When I first imagined writing this introduction article I pictured myself in my favorite coffee shop, sipping on a latte with quiet music floating around in the background. Never did I imagine I’d write it while waiting for the trains to resume on the metro; nevertheless, here we are. As I like to say, every day in Japan is an adventure.
I’m currently a second-year English student studying in Tokyo for this academic year and so far it’s been an amazing experience. For as long as I can remember, Japan has always been my number one country to visit, but studying abroad in high school is way too expensive, as some of you may know. So when I enrolled at the University of Maine and the opportunity to go abroad appeared, I jumped on it. A year and six months later, here I am, writing in the underground metro. Adventure has a strange way of presenting itself.
Despite the current circumstances, one of the best things since coming to Japan has been the vast availability of transportation throughout the country. You can basically get anywhere you want through the simple use of the trains. It’s so convenient it terrifies me to think about how I’ll drive once I’m back in America. Though it is a godsend for getting around the country, it can be a complete nightmare if you get on at the wrong time, and I’m not talking about the train getting delayed. No, we’re talking about rush hour!
All those stories you might hear about the trains getting so full the people literally have to be pushed in are all true; every morning, I commute to Waseda University via a forty-minute train ride and, because I have a 9 a.m. class, I need to leave by 8 a.m. at the latest. It just so happens that that’s when everyone leaves to go to their respective destinations. The concept of “personal space” is nonexistent during this time. It’s as if we’re all sardines, jam-packed into a tiny can, and when you think no one else could possibly fit, five more shove their way in. Sounds terrible, right? Well, it kind of is.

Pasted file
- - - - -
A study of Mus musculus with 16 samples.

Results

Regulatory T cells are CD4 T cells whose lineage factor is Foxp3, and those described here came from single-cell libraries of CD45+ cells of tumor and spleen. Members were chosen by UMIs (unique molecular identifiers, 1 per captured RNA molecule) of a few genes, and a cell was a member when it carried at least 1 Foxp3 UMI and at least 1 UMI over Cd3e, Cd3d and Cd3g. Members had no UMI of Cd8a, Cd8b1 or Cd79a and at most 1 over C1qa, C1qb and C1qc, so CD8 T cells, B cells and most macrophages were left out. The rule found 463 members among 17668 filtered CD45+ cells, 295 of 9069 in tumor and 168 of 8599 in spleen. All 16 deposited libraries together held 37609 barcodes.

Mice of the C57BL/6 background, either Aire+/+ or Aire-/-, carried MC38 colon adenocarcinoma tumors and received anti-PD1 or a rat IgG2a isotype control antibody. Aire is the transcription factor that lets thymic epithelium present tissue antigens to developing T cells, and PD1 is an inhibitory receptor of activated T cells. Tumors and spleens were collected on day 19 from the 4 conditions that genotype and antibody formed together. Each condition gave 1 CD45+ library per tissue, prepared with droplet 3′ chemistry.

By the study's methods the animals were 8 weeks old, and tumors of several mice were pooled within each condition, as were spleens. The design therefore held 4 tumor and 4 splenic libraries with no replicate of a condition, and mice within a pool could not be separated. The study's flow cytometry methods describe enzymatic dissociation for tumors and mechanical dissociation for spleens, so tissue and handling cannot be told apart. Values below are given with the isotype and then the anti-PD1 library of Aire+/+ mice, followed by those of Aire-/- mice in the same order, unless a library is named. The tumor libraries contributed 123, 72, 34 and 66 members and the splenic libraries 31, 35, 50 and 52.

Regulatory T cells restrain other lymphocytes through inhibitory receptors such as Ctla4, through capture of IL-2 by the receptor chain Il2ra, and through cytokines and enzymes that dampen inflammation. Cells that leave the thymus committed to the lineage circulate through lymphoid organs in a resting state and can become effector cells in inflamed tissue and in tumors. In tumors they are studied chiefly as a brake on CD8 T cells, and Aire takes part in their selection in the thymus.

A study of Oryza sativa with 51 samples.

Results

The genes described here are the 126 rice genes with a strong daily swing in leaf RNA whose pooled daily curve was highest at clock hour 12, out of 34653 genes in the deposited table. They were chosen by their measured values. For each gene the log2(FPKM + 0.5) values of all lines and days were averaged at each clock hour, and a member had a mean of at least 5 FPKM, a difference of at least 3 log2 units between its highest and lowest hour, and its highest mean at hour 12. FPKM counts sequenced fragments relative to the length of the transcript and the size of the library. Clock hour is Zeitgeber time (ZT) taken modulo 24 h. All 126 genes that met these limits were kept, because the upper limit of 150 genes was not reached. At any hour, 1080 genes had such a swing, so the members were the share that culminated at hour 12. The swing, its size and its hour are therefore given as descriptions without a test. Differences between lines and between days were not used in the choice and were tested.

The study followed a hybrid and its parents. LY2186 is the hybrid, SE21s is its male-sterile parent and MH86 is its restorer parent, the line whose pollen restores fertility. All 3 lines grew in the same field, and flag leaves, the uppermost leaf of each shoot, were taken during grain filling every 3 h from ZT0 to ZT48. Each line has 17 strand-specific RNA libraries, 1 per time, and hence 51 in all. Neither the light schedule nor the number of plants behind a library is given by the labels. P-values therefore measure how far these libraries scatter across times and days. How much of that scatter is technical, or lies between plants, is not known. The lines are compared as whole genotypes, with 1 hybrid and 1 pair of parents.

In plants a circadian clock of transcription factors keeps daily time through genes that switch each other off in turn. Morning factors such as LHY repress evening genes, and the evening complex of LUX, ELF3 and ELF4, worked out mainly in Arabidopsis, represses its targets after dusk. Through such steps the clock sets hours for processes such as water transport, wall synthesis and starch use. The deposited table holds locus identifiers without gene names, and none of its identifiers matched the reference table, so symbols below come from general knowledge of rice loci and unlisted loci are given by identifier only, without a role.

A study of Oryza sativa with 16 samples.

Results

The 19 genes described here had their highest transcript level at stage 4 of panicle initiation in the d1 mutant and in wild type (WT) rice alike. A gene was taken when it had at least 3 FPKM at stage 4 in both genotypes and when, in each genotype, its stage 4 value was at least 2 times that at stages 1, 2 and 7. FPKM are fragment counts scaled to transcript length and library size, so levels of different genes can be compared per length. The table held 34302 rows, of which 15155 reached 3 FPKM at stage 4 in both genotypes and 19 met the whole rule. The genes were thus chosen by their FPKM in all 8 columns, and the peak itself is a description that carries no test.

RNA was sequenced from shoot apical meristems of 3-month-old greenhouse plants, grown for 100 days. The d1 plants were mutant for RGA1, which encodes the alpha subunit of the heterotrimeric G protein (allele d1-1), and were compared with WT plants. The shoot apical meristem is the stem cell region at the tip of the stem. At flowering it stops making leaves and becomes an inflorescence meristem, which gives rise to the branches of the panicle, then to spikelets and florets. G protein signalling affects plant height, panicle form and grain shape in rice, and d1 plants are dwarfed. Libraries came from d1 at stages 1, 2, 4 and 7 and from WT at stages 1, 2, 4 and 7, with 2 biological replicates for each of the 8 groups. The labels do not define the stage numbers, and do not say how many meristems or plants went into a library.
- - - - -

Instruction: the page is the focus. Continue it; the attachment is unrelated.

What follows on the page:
When it’s hot outside, the train is clammy and sticky, and when it’s cold, it gets damp and musty. Despite the nightmarish picture I just painted, this part of the train ride is also one of the best aspects of living in Japan. How? Well, it’s because it’s part of the everyday routine. When I get on that train every morning, and all the people get on with me, it feels like I’m more than just some exchange student living in a foreign country. It’s as if I become a part of the culture and that’s because I’m getting immersed in their everyday routine.
Studying abroad, whether it’s for an academic year, semester or summer, is this amazing opportunity that’s almost difficult to grasp with proper words. There’s so much to it. The best way to understand and benefit is not by hearing about it, but by doing it. It may seem like this big, awe-inspiring dream to go and live in another country for any duration of time, but, in reality, it’s so simple it almost feels like a crime not to take the opportunity while it’s right there in front of you.
I have only six months left in this exchange, not counting the month we’re in, and it’s going by so fast that half the time I feel like I have whiplash. There are so many things I’ve already experienced and done, but there’s a vast amount more to follow, which is why I’ll be seeing you in the next article.